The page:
To insert into a binary search tree, you compare the new node with the root and place it in the appropriate subtree.

In a binary search tree (BST), each node has a unique key, and for each node, all keys in its left subtree are smaller, and all keys in its right subtree are larger. When inserting a new node, you start from the root and compare the new node's key with the root's key. If the new key is smaller, you move to the left child, and if it's larger, you move to the right child. You continue this process until you find an empty spot where the new node should be inserted.

Let's consider an example. Suppose you have a BST with root key 8, and you want to insert a new node with key 3. You start from the root. Since 3 is less than 8, you move to the left child. If the left child is null, you insert the new node there. If not, you compare the new key with the left child's key and decide whether to move to its left or right child. You repeat this process until you find a null spot to insert the new node.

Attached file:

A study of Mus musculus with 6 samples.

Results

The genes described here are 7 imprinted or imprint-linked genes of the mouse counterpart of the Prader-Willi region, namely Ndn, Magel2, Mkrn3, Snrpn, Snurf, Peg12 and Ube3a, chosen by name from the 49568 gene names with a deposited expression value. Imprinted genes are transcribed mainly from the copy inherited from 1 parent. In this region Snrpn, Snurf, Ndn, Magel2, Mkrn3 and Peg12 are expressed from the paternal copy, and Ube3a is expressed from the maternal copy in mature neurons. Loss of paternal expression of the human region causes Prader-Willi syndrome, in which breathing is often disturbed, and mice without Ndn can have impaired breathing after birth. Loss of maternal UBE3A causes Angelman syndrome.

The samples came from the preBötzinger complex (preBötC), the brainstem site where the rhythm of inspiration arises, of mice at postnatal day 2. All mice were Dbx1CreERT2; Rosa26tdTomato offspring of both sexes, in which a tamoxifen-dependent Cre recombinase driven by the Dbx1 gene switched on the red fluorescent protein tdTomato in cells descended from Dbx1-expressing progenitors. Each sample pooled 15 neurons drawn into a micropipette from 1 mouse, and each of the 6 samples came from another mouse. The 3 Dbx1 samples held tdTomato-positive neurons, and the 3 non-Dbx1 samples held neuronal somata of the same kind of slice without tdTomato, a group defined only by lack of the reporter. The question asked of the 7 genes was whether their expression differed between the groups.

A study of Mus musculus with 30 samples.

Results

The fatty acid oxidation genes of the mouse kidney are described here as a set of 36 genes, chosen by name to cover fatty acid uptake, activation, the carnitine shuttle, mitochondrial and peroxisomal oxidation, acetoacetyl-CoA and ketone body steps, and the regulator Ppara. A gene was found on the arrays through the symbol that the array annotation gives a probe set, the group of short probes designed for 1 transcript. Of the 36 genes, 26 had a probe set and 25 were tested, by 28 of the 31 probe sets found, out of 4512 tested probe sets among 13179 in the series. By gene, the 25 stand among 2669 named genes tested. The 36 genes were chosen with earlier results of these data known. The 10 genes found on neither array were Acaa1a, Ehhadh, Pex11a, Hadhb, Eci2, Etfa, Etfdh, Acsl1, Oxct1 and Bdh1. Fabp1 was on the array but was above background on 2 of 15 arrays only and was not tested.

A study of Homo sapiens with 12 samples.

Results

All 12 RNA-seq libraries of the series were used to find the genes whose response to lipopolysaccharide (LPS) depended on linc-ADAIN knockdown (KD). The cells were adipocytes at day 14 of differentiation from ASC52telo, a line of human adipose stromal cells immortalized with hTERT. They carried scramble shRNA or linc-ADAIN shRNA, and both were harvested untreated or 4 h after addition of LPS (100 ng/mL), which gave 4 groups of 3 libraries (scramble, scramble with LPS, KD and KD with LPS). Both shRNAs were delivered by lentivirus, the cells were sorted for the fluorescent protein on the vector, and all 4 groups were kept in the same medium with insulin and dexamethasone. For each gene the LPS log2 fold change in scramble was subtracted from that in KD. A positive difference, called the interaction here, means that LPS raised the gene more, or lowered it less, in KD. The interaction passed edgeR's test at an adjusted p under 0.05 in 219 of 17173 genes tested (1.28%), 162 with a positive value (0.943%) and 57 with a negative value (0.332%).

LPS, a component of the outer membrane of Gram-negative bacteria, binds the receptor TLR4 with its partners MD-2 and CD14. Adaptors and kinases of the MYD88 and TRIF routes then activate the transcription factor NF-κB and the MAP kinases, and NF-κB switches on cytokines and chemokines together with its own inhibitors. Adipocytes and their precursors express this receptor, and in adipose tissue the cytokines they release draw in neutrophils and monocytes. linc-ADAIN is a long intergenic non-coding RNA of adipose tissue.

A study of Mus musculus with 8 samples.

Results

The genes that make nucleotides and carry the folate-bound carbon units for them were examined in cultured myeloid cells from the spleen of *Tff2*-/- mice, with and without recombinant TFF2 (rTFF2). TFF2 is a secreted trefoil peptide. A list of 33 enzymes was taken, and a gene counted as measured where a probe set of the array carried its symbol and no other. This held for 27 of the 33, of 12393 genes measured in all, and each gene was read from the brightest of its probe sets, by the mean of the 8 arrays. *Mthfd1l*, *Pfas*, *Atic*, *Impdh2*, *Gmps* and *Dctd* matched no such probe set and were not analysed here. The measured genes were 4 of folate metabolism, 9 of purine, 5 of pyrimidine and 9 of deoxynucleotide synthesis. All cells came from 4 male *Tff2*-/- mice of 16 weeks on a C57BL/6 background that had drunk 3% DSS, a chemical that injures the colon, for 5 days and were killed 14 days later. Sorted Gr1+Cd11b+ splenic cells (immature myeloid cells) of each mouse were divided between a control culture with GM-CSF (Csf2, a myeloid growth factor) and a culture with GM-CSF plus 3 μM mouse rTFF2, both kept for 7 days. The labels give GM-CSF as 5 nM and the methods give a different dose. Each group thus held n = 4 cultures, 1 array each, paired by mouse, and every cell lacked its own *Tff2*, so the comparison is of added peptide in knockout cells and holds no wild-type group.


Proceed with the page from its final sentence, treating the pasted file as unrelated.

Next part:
The time complexity of the insertion operation in a BST is O(h), where h is the height of the tree. In the worst case, when the tree is skewed, the height of the tree is equal to the number of nodes, and the time complexity becomes O(n). However, in the average case, where the tree is balanced, the height is log(n), and the time complexity is O(log n).

In conclusion, inserting into a binary search tree involves a series of comparisons starting from the root. The new node is placed in the correct position to maintain the BST property. This operation is efficient, with a time complexity of O(log n) in the average case.